Personal backgroundEdit

Majewski grew up in Weehawken, New Jersey[3] and attended Weehawken High School, which in the 2010s inducted her into its Academic Hall of Fame.[4] She attended college at Fordham University's Lincoln Center campus between 1989–93, ".[5] She currently resides in Weehawken and Olive, New York.[6]

Lori Majewski at a 2014 Los Angeles book launch for Mad World, flanked by Moby and Michael Desbarres

Relationship to Duran DuranEdit

Majewski has been a fan of the new wave group Duran Duran since hearing them in the early 1980s. She credits the band for her career in writing, claiming, "in the mid-'80s I decided I wanted to become a journalist so I could meet them."[7] In 1990, after the official Duran Duran fan club folded, Majewski created the quarterly fanzine Too Much Information: The Definitive Duranzine, which she published through 1995.[8]

Publishing careerEdit

From 1991-94 Majewski interned at Spin Magazine. Her first paid job as a magazine staff writer came at YM, a publication targeted at teen girls.[9] In 1998, Majewski was a co-founder of Teen People, the print offshoot of the Time Inc. magazine People. After leaving the periodical in 2001 to become executive editor of US Weekly, she returned to Teen People in 2005 to serve as managing editor.[10] Teen People ceased publication in September 2006.[11] Majewski then served as executive editor as Entertainment Weekly through 2008.[12]

Mad WorldEdit

In 2014, Lori Majewski and Jonathan Bernstein wrote Mad World: An Oral History of New Wave Artists and Songs that Defined the 1980s, with a foreword by Nick Rhodes of Duran Duran and an afterword by Moby. The book collects new interviews with the recording artists of 35 famous new wave songs, focusing on the stories behind the song's origins and the aftermath of the songs' popularity. Majewski and Bernstein hatched the idea for Mad World while writing for Spin Magazine during the 1990s heyday of grunge, where they discovered their mutual love for new wave music.[13]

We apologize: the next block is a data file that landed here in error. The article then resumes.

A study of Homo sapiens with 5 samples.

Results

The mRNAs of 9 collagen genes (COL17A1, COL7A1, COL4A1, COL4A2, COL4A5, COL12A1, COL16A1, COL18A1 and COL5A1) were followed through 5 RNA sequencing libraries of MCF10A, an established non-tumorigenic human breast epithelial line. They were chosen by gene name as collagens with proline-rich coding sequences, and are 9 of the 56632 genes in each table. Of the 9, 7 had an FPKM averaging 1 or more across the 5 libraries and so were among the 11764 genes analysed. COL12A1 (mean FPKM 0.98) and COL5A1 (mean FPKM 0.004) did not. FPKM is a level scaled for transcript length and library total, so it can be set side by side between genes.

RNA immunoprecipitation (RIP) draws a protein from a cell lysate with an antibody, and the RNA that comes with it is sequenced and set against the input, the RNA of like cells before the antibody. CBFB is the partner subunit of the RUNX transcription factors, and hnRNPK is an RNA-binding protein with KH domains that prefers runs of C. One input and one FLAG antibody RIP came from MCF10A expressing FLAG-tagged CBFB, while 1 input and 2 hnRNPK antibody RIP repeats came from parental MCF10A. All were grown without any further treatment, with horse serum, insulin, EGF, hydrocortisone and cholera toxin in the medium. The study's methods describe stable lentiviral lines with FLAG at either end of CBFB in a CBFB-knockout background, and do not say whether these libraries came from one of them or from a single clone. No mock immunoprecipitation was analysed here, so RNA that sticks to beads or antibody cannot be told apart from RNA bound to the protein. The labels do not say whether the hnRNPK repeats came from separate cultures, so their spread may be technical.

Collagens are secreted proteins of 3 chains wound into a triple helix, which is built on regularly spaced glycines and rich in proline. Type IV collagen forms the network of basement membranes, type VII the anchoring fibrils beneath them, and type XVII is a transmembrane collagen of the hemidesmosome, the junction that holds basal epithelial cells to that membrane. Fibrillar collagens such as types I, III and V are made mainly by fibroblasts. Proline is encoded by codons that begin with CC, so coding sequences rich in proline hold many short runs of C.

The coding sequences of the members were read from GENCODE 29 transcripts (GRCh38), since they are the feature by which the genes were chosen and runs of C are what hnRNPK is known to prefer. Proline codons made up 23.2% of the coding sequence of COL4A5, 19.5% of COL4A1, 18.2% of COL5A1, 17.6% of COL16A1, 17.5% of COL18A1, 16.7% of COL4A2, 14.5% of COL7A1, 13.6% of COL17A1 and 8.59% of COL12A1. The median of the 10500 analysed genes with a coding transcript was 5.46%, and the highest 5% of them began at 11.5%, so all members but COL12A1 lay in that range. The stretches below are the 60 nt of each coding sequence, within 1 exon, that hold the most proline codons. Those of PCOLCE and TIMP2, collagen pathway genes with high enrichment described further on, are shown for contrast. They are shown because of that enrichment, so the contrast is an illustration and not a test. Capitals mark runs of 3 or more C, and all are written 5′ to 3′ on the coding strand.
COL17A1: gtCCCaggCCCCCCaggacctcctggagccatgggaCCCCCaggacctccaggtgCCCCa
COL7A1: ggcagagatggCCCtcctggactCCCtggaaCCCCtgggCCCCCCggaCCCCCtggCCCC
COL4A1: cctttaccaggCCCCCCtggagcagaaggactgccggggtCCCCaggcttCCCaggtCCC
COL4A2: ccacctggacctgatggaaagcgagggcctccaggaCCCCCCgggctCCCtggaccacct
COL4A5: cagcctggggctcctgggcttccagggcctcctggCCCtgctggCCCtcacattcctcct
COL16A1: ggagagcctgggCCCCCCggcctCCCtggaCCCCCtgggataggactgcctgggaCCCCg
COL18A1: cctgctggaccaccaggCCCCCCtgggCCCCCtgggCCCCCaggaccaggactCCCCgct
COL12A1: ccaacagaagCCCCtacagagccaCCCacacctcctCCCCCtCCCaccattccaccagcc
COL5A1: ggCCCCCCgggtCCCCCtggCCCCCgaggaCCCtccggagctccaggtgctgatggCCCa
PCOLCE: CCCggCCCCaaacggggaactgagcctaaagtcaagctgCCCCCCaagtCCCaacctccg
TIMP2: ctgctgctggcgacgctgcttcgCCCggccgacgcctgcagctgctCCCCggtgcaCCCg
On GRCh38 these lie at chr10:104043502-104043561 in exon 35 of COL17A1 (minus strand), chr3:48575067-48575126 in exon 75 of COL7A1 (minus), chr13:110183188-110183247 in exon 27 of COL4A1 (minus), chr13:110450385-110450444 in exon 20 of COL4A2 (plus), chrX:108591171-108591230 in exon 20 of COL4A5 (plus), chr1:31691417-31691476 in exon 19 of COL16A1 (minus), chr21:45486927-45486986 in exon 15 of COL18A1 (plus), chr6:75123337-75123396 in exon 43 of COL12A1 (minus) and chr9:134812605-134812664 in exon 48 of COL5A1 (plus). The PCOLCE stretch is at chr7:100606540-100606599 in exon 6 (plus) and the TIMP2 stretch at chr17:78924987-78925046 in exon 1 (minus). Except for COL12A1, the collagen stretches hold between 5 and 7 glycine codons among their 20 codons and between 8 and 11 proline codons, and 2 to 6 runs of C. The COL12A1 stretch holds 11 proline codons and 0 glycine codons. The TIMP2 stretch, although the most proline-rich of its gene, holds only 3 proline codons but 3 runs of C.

1. ^ Moby, Lori Majewski, Jonathan Bernstein ; foreword by Nick Rhodes ; afterword by (2014). Mad world : an oral history of new wave artists and songs that defined the 1980s. [S.l.]: Harry N Abrams. ISBN 978-1419710971.
  2. ^ Magaziner, Marley (10 October 2016). "Music fans start the day with Nik Carter and Lori Majewski on 'Feedback'". SiriusXM Blog. Retrieved 16 December 2016.
  3. ^ Testa, Jim (May 14, 2014). "Weehawken author Lori Majewski to discuss the 'Mad World' of Eighties New Wave at Word Books Open Mic".
  4. ^ Staff. "The 1980s rock again; Weehawken writer chronicles New Wave era in new book", Hudson Reporter, July 26, 2015. Accessed October 23, 2015. "Majewski was recently inducted into the Weehawken Academic Hall of Fame."
  5. ^ "Lori Majewski, FCLC '93: Just Can't Get Enough". Fordham News. November 14, 2014.
  6. ^ "The Woodstock Lifestyle: interview with writer Lori Majewski". YouTube. September 23, 2015.
  7. ^ Matheson, Whitney (April 15, 2014). "'Mad World': Lori Majewski chats about New Wave book". USA Today.
  8. ^ Majewski, Lori (September 2000). "Geek Love: Duran Duran". CMJ Music Monthly: 98.
  9. ^ Majewski, Lori; Bernstein, Jonathan (April 27, 2015). "Kurt, Courtney & Cassettes: We Worked at SPIN in the Early '90s".
  10. ^ Jessica (August 17, 2005). "Lori Majewski Leaves 'Us Weekly' for 'Teen People'". Gawker.
  11. ^ "Teen People Shuttered, Remains Live Online; Lori Majewski Out Atop Masthead". Huffington Post. July 25, 2006.
  12. ^ "Lori Majewski Joins Entertainment Weekly as Executive Editor". Media Life Magazine. September 5, 2006.
  13. ^ Lai, Chi Ming (April 19, 2014). "Mad World: An Interview with co-author Lori Majewski". The Electricity Club.